Case study – Ramirez v Sherridon Pty Ltd

Recently we successfully brought a claim for a first-time homeowner against a Builder in a VCAT matter.

Ramirez v Sherridon Pty Ltd (Building and Property) [2022] VCAT 405, relates to a domestic building dispute where the Applicants (“the Owners”) issued proceedings in the Victorian Civil Administrative Tribunal against the Respondent (“the Builder”) which relates to a refund of the deposit as the Builder refused to refund the deposit when the building contract was ended.

By way of brief background, the Owners purchased a house a land package for $393,000. The Owners were advised that the land was an unregistered plan of subdivision and was expected to be registered in July 2018. The Owners entered into a domestic building contract with the Builder on 31 January 2018 to build a home on the land for $260,395 (“Building Contract”). The Owners paid the Builder a deposit of $13,065.75 under the Building Contract (“Building Deposit”). On 31 January 2018, the Owners also signed a Sale of Land Nomination Form which had the effect that HBK Image Pty Ltd, as purchaser, nominated them as substitute purchasers under a Contract of Sale to purchase the Land (“Land Contract”) for an amount of $123,000. The same representative from the Builder that signed the Building Contract, signed the Nomination Form on behalf of HBK Image Pty Ltd and the Owners paid a deposit for the land of $6,150 (“Land Deposit”)

The Land Contract was dated 15 December 2017 and was conditional upon the plan of subdivision being registered within 24 months from the date of the Land Contract. However, the plan of subdivision did not register within this time, so on 29 April 2020, the Owners sought to terminate the Land Contract and the vendors under the Land Contract agreed to refund the Land Deposit to the Owners.

On 4 May 2020, the Owners advised the Builder, that they had terminated the Land Contract and could not proceed with the Building Contract. The Owners requested the reimbursement of the Building Deposit less any costs the Builder had incurred to date. The Builder refused to return any portion of the Building Deposit.

At the time the Owners paid the deposit to the Builder, the Builder had not obtained the mandatory domestic building insurance. Therefore, the Owners claimed that they paid the Building Deposit under a mistaken belief, as they believed the deposit was payable when it in fact was not, and therefore the Builder should reimburse the Building Deposit.

The Owners also sought an order for interest on the amount of the Building Deposit from the date the payments were made and their costs of the proceeding.

The Builder disputed the Owners claims saying the Building Contract is binding on the Owners and that all necessary insurances required at the time were held. However, the Builder did acknowledge that domestic building insurance could only be issued in the name of the owner of the land (which obviously could not occur until the Owners settled on the land, which did not occur in this case). The Builder said that the Owners wrongfully terminated the Building Contract.

The Owners’ Claims

 Member Feeney considered a number of issues which were in dispute.

Accordingly, Member Feeney found:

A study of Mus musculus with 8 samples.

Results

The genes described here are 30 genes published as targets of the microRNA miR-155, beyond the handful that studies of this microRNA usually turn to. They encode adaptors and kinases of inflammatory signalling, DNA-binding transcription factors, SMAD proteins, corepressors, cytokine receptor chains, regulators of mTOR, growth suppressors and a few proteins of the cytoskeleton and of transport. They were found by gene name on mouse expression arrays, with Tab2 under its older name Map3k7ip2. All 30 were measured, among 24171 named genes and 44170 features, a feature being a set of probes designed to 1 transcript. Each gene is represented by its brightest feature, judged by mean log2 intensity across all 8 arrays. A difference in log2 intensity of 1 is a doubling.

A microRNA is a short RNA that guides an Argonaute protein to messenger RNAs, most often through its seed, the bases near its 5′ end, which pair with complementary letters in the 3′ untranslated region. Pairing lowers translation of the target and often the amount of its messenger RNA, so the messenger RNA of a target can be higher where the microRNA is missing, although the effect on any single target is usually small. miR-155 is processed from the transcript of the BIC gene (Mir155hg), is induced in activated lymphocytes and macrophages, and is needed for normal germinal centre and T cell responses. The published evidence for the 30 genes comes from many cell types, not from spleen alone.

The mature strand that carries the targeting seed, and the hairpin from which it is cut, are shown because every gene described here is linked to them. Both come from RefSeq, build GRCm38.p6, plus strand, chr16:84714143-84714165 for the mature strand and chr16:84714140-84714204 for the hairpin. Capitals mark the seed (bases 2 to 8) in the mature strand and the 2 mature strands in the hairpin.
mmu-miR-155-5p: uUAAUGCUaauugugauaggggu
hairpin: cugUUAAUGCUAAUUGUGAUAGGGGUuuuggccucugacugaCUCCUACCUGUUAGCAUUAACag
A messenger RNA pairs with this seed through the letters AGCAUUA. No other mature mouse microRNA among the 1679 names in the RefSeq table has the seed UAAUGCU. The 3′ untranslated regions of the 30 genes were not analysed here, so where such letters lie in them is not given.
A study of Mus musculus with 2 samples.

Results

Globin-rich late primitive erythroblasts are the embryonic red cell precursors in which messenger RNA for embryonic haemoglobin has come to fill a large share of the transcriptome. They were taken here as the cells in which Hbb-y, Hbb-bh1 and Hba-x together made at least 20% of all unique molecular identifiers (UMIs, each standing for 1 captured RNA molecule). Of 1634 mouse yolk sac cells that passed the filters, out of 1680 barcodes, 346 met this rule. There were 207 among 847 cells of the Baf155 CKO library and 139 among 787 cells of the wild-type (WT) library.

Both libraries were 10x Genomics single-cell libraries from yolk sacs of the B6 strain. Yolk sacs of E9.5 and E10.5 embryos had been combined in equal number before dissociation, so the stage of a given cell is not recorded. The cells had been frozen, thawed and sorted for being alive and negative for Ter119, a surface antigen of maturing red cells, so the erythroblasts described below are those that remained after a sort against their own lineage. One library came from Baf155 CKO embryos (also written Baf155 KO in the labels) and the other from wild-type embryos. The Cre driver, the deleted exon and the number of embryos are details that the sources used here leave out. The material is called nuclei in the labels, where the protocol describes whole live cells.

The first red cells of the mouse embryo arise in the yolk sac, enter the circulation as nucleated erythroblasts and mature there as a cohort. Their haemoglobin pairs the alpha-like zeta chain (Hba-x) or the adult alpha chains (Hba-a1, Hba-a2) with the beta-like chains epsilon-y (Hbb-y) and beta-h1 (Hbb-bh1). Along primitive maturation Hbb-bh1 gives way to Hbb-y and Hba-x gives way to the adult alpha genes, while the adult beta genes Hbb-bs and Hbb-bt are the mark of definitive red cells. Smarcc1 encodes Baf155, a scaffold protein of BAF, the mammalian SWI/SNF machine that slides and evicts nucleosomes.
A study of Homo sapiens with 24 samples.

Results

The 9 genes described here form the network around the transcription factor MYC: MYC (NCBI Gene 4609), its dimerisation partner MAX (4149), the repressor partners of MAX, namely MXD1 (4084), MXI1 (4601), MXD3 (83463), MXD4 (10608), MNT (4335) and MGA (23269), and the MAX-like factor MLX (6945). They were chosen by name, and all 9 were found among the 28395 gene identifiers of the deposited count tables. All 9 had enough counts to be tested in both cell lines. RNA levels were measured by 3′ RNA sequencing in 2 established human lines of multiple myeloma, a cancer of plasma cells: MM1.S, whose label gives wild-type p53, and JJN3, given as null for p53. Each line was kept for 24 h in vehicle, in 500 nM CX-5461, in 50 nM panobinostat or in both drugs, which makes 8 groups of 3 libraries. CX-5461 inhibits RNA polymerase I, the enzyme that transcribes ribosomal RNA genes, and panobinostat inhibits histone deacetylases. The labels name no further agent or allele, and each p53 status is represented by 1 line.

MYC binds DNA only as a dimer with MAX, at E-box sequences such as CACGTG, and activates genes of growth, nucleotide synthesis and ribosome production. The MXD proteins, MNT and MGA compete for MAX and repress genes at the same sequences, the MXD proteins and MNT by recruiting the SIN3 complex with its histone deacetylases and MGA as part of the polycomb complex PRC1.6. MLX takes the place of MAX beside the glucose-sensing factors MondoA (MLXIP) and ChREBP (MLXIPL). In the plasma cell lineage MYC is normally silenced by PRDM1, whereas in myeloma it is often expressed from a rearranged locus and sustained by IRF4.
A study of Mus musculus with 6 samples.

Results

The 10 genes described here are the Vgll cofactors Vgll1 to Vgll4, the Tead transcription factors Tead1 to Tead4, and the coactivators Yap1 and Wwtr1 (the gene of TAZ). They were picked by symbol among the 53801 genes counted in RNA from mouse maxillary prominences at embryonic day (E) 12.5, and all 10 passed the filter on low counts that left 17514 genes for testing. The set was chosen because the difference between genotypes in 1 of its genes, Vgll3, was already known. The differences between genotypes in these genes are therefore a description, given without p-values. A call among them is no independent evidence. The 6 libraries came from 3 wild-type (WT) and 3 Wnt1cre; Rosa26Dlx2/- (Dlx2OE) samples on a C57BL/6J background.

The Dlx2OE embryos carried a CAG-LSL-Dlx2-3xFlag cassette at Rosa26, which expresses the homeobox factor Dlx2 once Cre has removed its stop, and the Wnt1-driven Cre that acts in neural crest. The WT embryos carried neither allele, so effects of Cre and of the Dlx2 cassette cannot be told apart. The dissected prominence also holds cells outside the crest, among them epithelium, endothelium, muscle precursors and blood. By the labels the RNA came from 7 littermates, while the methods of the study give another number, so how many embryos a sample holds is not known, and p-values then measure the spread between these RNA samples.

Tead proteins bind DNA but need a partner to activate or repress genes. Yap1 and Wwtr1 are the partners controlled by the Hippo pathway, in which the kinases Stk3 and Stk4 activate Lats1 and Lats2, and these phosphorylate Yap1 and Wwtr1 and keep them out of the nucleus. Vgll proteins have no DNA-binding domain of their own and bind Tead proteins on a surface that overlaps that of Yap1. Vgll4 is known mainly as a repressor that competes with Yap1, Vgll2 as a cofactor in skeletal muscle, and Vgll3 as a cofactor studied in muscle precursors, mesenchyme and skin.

1. Under Division 3 Part 9 of the Building Act 1993 and pursuant to clause 7 of the Building Contract, a domestic building insurance policy was required, sometime also referred to as builders warranty insurance. The Building Contract was for domestic building works in accordance with the Domestic Building Act and the price of the Building Contract was $260,395 therefore it was an “insurable building contract.” Member Feeney considered the amended Domestic Building Insurance Ministerial Order dated 28 May 2014 (the Order).
  2. In accordance with Schedule 2 of the Order, an insurance policy had not been issued in relation to the Building Contract.
  3. Given a domestic building insurance policy had not been issued, the Building Deposit was not payable, therefore no monies were payable under the Building Contract until a domestic building insurance policy had been issued. Member Feeney was satisfied that there was no evidence that the Owners received any benefit from these works or costs, or that the Builder incurred those costs because of the receipt of the Building Deposit and the Owners are entitled to the reimbursement for the Building Deposit. Member Feeney also held that there was no enforceable contract as there was no domestic building insurance.
  4. The Owners were entitled to an order for interest on the amount of the Building Deposit. Member Feeney considered section 97 of the Victorian Civil and Administrative Tribunal Act 1998 and was satisfied the test that collectively the following factors are “fair” to award interest:
    1. The Owners whole claim was successful.
    2. The Builder’s whole defence was unsuccessful as there was no domestic building insurance issued.
    3. The Tribunal rejected the Builders Claim for breach of contract. As there was no domestic building insurance there was no enforceable contract.
    4. The entire Building Deposit was payable when the Owners made their claim, and it is reasonable that that amount should not be eroded by the passage of time.
    5. The delay in repayment by the Builder of the Building Deposit following demands for its return and then the issuing of the proceeding, means that Owners have lost the use of the money that has been found to be owed to them in this proceeding, during the period of the delay.
  5. The Owners were also entitled to claim a portion of legal costs.